Before the end of 2020, Congress passed a $900 billion pandemic relief bill with money for, among other things, schools, hospitals state and local governments, and $600 for almost every American. The economy is in the doldrums thanks to lockdowns and other restrictions by the government on businesses, so it was probably a good thing overall that Congress spent the money.
But before the ink was dry on Donald Trump’s signature, Democrats were calling for more — a lot more. So Biden huddled with his advisors and came up with a proposal that he believed could pass muster in an increasingly skeptical Senate: a $1.9 trillion spendapalooza with money for everyone — even if they don’t need it.
That’s been the problem from the start with these pandemic relief bills. The economic slowdown has hit Americans unevenly. Some people certainly need the help, especially the unemployed and small businesses. But there are others, like myself, who still have a job, thank God, and really didn’t need the help.
Why did Sue and I $3600 in cash when we didn’t need it? Don’t get me wrong. I’m not giving it back and was glad to get it. Who wouldn’t be? But Congress is supposed to be in the business of being fiscally responsible. It is the height of irresponsibility to throw trillions of dollars at the American people and congratulate yourself on being warm and fuzzy and compassionate.
There are some people who could have used more. Others, like myself, less. The irresponsibility lies in the fact that the money wasn’t targeted to those in need. It was politicians buying votes because they were too lazy to figure out who desperately needed assistance and who didn’t.
“Needs testing” is a pain in the ass but it’s responsible governance. And Congress has forgotten how to do that.
Now, Joe Biden, our brand new spender-in-chief, will start his administration off with a “thank you” payment of $1400 for almost everyone who already received $600 this month. He is also proposing reestablishing the extended, expanded, new and improved federal unemployment benefit add-on. Biden wants to extend a weekly benefit of $400 through September. New data shows that 62 percent of the recipients will again be making more money while unemployed than they were as employees.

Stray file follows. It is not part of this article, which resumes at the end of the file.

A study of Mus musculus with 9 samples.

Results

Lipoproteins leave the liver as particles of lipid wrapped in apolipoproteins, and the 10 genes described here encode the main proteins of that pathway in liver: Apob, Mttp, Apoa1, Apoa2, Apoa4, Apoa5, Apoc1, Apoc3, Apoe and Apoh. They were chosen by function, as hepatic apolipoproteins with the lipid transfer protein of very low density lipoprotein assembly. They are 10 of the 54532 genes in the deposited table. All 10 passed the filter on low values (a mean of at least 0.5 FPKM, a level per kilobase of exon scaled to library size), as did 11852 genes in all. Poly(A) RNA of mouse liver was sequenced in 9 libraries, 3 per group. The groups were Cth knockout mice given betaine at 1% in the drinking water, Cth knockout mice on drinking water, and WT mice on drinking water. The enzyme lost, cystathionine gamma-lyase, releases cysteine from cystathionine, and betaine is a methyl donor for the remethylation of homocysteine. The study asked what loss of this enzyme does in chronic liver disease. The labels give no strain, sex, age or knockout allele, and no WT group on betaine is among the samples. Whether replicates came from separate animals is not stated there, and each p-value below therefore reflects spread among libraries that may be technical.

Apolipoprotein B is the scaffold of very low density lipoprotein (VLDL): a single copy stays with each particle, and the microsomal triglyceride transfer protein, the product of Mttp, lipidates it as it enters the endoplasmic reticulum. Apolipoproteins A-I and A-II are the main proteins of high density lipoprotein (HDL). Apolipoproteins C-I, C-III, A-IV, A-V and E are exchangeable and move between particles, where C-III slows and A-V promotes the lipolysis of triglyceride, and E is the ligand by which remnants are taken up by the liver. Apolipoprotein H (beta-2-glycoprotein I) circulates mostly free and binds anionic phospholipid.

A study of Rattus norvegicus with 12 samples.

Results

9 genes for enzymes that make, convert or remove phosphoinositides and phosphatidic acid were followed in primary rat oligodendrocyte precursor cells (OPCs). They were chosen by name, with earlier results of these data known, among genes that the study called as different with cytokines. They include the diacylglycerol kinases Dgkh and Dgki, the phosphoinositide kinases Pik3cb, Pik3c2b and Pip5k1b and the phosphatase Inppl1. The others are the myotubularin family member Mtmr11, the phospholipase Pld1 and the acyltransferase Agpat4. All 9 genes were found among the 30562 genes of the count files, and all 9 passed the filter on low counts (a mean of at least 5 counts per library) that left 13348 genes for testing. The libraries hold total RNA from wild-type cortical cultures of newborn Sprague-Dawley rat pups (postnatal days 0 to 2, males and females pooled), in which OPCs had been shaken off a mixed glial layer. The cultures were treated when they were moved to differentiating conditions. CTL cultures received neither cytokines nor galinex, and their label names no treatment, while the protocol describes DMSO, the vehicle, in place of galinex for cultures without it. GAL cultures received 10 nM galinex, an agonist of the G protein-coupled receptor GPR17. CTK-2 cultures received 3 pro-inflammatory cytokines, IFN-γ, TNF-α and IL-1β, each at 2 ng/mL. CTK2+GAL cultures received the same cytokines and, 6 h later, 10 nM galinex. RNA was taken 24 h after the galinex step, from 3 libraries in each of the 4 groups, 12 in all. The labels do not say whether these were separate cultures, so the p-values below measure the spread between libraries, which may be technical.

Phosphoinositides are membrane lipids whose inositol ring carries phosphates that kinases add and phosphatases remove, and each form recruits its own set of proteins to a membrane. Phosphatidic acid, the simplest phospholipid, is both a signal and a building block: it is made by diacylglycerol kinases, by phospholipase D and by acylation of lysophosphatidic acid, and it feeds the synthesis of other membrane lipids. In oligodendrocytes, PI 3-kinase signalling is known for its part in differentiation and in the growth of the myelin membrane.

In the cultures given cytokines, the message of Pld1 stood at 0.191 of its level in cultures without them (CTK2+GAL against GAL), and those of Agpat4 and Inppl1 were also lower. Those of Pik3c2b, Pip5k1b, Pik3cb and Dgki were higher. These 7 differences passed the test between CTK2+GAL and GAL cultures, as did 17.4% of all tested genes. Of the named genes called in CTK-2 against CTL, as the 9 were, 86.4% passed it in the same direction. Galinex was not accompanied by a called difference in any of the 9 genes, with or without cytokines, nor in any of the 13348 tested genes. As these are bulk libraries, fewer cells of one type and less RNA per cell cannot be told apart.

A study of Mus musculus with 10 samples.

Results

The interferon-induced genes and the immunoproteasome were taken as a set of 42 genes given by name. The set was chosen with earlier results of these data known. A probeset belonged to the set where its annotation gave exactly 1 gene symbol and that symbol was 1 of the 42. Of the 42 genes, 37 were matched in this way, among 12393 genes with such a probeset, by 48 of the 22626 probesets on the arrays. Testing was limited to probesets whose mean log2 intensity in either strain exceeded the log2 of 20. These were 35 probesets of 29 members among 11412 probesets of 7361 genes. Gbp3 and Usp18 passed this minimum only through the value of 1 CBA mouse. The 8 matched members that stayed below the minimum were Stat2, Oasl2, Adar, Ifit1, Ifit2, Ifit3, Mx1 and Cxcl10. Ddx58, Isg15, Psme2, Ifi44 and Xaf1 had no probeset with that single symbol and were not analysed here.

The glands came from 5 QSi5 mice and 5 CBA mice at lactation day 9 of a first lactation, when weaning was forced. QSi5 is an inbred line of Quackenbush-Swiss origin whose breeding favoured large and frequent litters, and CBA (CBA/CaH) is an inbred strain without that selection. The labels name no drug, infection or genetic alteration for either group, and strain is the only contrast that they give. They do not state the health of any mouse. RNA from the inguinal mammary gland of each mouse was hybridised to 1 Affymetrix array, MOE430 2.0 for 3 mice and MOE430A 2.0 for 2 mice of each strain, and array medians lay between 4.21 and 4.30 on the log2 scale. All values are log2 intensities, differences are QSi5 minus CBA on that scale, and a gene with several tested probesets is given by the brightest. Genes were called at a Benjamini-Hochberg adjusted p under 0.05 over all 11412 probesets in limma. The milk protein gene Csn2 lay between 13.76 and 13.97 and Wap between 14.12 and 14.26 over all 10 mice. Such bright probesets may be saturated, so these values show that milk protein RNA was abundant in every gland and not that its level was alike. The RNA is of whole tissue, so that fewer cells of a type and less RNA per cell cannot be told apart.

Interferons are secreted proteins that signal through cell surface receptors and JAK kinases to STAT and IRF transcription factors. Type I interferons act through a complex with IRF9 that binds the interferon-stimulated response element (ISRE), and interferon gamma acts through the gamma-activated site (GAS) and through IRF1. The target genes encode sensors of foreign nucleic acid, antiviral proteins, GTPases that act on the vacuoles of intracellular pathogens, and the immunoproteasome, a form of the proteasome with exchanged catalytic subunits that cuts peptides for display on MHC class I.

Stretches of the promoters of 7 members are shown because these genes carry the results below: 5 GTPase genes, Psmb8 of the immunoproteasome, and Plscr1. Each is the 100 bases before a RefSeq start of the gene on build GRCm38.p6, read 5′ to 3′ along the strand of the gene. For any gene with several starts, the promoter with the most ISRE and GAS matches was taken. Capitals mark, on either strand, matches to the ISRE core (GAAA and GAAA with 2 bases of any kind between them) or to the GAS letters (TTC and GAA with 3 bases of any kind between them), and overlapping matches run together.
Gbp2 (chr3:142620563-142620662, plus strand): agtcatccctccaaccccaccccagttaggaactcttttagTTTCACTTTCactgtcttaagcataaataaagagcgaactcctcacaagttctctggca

The last time we came out of a lockdown, companies had a devil of a time getting some of their employees back to work because they were making more sitting at home than they were at the office or the plant. It’s called an “employment disincentive” and even an economic dunce of a Democrat should have been able to see that.
Certainly, there were some employees who feared going back to work because of the coronavirus. But when your sit-at-home pay exceeds your go-to-work pay, why take the risk?
Biden also wants tens of billions for state and local governments, ostensibly, to close any holes that opened in their budgets due to lost revenue. But how great is that need?
The Cato Institute’s Chris Edwards told me that total state and local government tax revenues “fell just $22 billion from the first to the second quarter of 2020 and then bounced back strongly in the third quarter. Meanwhile, federal aid to state-local governments soared $194 billion in the second quarter as a result of federal relief bills.” Federal relief has more than refilled state and local coffers, so there is no need for $170 billion more in state education subsidies proposed by the Biden administration.
Republicans, who don’t have a leg to stand on when it comes to complaining about the deficit, nevertheless have been roused from the slumber and will apparently fight this boondoggle.
Republicans who would be critical to get to the finish line said they’re open to additional money to speed up distribution of the Covid-19 vaccine, but balked at Biden’s overall price tag. Some called on Biden to pare back the plan while others suggested waiting a few months to see if the economic need persists.
Sen. Susan Collins, R-Maine, one of the most moderate Republicans, said she’s “sympathetic” to boosting vaccine funds but doesn’t see the justification for a bill “that is so big.”
“It’s hard for me to see when we just passed $900 billion of assistance why we would have a package that big,” Collins told reporters Thursday. “Maybe a couple of months from now, the needs will be evident and we will need to do something significant, but I’m not seeing it right now.”
Biden and the Democrats need to strike now with one primal surge before the vaccine ruins everything for them and the crisis has passed. They know the clock is ticking. A lot of Biden’s campaign promises are tied up in the stimulus bill: a $15 minimum wage, money for teachers, money for public union employees — and numerous little changes in law that fulfill his promises to women and other Democratic constituency groups clamoring to be compensated for supporting Biden for president.
Biden could still pass his bill by employing the little-used “reconciliation” process that would require only a simple majority. But Biden can only use that process once a year and his legislation wish list is long.
But as Democrats are fond of saying, “Never let a crisis go to waste.” After spending nearly $6 trillion over the last year on pandemic relief, it doesn’t sound like Congress is wasting the opportunity at all.